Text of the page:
Exploiting The Economic Muscle of Nonprofits

The nonprofit sector employs more than 10 percent of America’s private workforce, contributes about $985 billion to the economy, and produces myriad benefits that reach into every community and most homes. It’s a powerful, socially-focused engine bent on doing good. Maybe nonprofits haven’t conquered all the problems or brought equal life quality to everyone, but they’re filled with millions of hard-working people who are out there trying.

Given the oversized burden nonprofits carry, the financial data is scary. Some 97 percent have annual budgets of less than $5 million, 92 percent less than $1 million, and 88 percent less than $500,000. Even smaller, 20 percent have budgets of $100,000 or less and many are run by volunteers. About 50 percent have less than one month of cash reserves to draw on if the bottom falls out.

The strain of inadequate, insecure funding is exhausting and often sends nonprofit managers tilting at every windmill that might throw out a grant dollar. And with low pay, long hours, and demanding work, nonprofits can easily turn into socially-motivated sweat shops. There’s no easy way out of this situation. But just as a civil society is obligated to try to face down its dragons, nonprofits are obligated to try to face up to their conundrum. An America without nonprofits would be dystopian. They’re that important.

Every organization has its own pressure points and problems. But there are some commonalities throughout the sector, and for those just starting to unravel this situation, here are a few considerations:

  • Claim the power that comes from your impact. This means embracing evaluation and using data as a tool to leverage increased, sustained financial support. This might mean prioritizing smart data over other compelling needs;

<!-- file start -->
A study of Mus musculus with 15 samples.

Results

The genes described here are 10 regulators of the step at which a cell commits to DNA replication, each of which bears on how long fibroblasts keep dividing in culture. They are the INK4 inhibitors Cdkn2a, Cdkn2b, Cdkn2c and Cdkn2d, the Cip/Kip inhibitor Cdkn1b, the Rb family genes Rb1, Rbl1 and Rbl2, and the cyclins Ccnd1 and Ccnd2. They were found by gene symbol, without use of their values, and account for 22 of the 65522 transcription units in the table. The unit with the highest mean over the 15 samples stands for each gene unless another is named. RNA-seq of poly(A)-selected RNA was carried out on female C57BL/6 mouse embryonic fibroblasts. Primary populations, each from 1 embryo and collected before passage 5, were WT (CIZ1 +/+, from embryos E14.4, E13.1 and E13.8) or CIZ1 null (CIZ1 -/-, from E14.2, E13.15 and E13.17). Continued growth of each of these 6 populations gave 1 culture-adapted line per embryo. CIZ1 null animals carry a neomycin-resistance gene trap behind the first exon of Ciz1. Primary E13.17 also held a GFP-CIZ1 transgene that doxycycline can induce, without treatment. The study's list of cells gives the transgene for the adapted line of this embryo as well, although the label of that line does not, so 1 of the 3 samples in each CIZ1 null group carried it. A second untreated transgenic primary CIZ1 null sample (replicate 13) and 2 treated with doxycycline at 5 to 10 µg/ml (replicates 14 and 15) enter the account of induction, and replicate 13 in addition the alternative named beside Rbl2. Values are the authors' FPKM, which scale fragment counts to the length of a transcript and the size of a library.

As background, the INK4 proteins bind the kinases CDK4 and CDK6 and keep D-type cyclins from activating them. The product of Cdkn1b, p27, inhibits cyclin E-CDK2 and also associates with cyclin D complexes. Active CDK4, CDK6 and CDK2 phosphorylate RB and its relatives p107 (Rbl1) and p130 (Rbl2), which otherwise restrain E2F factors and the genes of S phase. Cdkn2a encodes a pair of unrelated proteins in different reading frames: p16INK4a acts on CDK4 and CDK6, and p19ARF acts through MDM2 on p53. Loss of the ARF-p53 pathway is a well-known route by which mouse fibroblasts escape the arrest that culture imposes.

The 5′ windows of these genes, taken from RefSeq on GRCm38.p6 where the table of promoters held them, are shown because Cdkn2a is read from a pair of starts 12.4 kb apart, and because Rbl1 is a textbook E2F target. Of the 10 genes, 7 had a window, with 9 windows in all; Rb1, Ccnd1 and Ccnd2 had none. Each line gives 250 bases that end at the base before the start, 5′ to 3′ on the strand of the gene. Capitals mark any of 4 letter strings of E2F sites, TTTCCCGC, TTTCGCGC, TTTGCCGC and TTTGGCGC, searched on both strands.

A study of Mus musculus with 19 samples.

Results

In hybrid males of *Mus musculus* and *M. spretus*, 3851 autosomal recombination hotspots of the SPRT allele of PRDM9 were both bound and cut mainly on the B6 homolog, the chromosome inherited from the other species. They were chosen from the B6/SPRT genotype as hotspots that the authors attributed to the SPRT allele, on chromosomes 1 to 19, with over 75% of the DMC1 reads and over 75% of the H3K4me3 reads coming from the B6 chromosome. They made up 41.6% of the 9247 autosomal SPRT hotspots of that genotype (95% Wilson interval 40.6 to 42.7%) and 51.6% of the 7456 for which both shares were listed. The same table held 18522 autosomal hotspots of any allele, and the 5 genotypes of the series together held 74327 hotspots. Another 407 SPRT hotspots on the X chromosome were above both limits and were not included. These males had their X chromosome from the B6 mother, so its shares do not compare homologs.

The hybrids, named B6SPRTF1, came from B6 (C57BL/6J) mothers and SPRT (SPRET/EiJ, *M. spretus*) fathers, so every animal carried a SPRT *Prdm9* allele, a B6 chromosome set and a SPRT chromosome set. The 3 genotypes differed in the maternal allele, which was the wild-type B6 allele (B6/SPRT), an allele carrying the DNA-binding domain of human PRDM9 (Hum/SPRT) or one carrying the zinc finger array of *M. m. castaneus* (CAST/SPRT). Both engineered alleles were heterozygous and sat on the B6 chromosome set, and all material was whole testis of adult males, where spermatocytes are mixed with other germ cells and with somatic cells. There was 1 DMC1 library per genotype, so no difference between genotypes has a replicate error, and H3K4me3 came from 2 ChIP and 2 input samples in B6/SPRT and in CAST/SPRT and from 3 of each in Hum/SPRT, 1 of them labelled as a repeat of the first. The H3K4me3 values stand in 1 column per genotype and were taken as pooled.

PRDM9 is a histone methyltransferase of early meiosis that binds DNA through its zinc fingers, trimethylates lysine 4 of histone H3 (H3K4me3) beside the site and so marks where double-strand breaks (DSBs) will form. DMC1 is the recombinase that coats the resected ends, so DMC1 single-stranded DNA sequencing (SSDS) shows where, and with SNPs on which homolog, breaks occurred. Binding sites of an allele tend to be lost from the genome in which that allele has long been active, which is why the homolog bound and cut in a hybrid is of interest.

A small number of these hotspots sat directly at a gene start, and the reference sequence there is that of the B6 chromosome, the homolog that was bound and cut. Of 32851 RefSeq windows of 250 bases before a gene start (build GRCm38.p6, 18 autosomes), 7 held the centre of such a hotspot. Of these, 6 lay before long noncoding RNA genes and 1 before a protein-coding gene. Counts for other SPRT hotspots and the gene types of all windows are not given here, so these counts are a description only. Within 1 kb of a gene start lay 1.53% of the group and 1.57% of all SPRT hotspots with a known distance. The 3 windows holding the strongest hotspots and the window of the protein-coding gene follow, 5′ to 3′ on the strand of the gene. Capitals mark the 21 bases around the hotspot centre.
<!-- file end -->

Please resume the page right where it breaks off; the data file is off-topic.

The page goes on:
• Claim the power that comes from genuine connections with those you serve. As the community’s front-line muscle on issues ranging from homelessness and childcare to arts and culture, your influence and importance is real. Use it. Show up at the important tables with a loud, well-reasoned voice;
  • Establish mutually respectful partnerships with funders who share your concerns. Your power rests in the knowledge, passion, and focus you bring to your mission. In the words of the late Norton Kiritz, founder of The Grantsmanship Center, “You’re applicants, not supplicants. Don’t beg.” Beggars see a chance to bring in some cash, think up a project, and chase the money. Applicants see issues that need tackling, make a plan, and build partnerships with funders; and,
  • Take care of your own. Make a livable wage a priority. Support professional development. Provide adequate time off for staff to recharge and come back swinging. Maybe you’ll have to cut back on the service you provide but the long-term payoff will be a greater benefit to the community.

You’re social activists and fighters, the moral engine of our society. Be lean but strong, loud but well-reasoned, tough-skinned but caring, fair and smart. And in the words of Winston Churchill, “Never, never, never give up.” © Copyright 2019 The Grantsmanship Center.